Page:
My father bought me a Swiss watch when I was seven. The strap was too big and needed adjusting, but when I could finally put it on, I felt a surge of electricity pulse through me, as if I’d just been shackled to time’s wrist. No matter what I did, I couldn’t get the ticking of the second hand to sync up with the beat of my heart.
I stopped wearing it and kept it in my pocket, only later finding the proper use for it: timing the forty-fives I bought and listened to in my room, checking the accuracy of the time on the label to the time on my watch. The Beatles’ singles, I found, all listed the correct times. The Rolling Stones’ singles, not so much. They’d often claim their songs were fifteen or twenty seconds shorter than they really were, hoping to get more airplay from DJs, who would often opt for a song they could run right into the news break. For me, it was the first hint that time was negotiable, that with the right connections no one had to pay full price for an hour. That being the case, what was the point of a watch? I haven’t worn one since.
Not long after, I started waking up in the night with bad, bad dreams about cars, nightmares of being behind a wheel somewhere on a highway, lost and panicked, cars whizzing by, the sun going down, nothing whatsoever on the radio. I was a New York City kid. Cars were nothing but trouble. You had to know where you were going. Then you had to go there. And then you had to park. This was far too linear for my tastes.
The summer I was seventeen, my folks sent me to California to visit my brother on his ranch and to get my license. He was an angry and solitary man, caught in a deep internal debate with himself that he kept losing. He took me off in his Ford to an abandoned stretch of road and had me get behind the wheel.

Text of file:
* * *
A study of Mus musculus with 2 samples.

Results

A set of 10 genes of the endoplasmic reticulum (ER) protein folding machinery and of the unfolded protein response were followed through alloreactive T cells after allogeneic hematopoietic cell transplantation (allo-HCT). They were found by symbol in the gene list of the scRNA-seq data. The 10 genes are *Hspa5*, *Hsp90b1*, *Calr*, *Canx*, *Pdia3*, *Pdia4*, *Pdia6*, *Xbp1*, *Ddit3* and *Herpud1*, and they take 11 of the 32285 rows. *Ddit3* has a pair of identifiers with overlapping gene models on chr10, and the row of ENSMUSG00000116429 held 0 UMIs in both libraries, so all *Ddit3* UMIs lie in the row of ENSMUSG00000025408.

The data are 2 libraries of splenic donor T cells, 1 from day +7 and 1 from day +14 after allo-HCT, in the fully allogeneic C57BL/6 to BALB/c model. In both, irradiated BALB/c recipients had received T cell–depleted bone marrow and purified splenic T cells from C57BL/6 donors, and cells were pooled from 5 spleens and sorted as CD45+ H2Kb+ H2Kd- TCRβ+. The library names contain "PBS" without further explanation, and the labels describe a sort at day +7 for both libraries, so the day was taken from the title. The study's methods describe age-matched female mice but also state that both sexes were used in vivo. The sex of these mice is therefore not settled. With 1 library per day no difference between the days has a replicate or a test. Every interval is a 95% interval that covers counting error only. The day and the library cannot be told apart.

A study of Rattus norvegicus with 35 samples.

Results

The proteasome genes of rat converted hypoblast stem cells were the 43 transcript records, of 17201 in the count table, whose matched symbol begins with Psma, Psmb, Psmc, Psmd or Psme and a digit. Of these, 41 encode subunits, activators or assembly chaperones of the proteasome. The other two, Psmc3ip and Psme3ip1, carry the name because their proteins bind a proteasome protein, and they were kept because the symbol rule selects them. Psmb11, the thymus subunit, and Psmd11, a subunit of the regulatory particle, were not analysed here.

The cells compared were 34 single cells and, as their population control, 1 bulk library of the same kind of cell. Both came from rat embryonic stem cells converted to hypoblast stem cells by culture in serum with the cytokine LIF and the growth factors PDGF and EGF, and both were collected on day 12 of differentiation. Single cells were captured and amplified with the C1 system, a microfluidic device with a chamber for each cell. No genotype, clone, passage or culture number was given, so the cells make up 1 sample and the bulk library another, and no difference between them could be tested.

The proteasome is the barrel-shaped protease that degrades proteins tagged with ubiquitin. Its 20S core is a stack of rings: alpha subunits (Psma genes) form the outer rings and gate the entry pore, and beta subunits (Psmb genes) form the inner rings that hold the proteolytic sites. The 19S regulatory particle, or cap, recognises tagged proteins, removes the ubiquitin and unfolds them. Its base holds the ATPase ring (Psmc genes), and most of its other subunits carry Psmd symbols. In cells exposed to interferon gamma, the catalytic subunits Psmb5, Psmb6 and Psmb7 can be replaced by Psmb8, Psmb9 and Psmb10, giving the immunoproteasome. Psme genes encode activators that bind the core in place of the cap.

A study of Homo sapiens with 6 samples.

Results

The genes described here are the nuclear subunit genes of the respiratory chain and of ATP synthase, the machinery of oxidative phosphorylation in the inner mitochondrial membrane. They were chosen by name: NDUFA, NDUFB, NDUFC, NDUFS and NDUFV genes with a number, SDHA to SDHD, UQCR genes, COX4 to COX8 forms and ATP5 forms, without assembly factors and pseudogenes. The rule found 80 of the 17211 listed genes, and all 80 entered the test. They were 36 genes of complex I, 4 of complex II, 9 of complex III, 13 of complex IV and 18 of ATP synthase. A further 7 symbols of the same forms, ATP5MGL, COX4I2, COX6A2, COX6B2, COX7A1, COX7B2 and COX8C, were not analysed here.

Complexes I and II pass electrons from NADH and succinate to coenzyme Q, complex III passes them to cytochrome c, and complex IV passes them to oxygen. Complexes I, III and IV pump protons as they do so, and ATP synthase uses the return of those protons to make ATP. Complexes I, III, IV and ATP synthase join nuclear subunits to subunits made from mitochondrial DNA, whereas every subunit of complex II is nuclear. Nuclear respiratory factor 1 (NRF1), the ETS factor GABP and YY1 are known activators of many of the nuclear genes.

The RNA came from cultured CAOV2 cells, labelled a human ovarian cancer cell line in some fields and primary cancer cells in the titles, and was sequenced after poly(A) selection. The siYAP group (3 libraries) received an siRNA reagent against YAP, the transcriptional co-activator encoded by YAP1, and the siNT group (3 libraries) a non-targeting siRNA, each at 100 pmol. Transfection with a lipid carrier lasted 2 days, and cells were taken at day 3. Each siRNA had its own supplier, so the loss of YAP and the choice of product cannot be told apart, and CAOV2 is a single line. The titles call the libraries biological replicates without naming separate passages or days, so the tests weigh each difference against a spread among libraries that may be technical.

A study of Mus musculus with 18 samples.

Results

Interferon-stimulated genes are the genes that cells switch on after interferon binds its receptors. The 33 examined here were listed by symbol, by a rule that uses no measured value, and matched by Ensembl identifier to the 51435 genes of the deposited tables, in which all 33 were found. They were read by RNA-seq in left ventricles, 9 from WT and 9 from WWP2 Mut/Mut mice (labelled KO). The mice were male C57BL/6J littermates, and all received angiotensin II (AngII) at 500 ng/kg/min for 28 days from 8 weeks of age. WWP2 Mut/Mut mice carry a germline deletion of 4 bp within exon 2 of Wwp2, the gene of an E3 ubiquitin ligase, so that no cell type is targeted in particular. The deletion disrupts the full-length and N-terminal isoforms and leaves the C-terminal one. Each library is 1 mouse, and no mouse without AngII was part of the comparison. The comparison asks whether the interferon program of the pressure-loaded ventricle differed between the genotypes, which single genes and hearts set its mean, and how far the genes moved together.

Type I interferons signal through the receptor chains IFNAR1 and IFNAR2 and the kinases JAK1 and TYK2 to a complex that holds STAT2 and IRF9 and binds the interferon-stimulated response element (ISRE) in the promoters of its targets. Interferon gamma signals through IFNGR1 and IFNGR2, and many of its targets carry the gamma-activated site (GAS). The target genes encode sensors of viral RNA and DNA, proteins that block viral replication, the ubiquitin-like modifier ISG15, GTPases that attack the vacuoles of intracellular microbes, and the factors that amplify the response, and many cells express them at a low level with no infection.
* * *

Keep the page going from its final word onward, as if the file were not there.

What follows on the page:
“Pay attention,” he said. And then he said it again.
“Watch the road,” he barked. There was nothing to watch. “Watch the road.”
The clock on the dashboard kept blinking the wrong time. I pointed this out, and he made me pull over and get out. I thought he might leave me there, but he had me switch over to the passenger side, and we drove back to his house in silence.
The next day, he called a friend who worked at the sheriff’s office, and I took my driver’s test on a tractor. There wasn’t much driving involved, and I passed. Within the hour, he’d put me on a bus to San Francisco. He even paid for the ticket.
Later, maybe a year or two later, when I was in Providence, a pretty girl named Marianne stopped by my place on Hope Street right after New Year’s. She was driving to Fox Point, over on the east side of town. Did I want to go with her? She had soft dark hair and lost eyes, and she looked like a flower with a hangover. Of course I wanted to go.
We drove to Gano Street, and she bought tea with nettles, a loaf of Portuguese sweet bread, a box of blank cassettes, and some hair products. The café was closed, the nail salon was busy, and the music store had nothing but old fado albums in the window. We walked back to her car, and she handed me the keys. “I feel dizzy,” she said. “Do you mind driving back?” This didn’t seem like the right time to mention my lack of automotive skills. I got in. My priority was looking cool. I rolled my window down and rested my elbow on the window frame. My head was tilted just so, something by The Kinks was on the radio, and the sun was shining. I got on the highway. I wasn’t doing too badly.
I got off the highway onto Wickenden Street. No one had ever told me that when you get off a highway you slow down, but it didn’t feel like I was going that fast until I hit the police car. All things considered, they were pretty nice about it.
I haven’t driven since. Come to think of it, I haven’t seen Marianne since. I hope she’s feeling better.
Brian Cullman is a writer and musician living in New York City.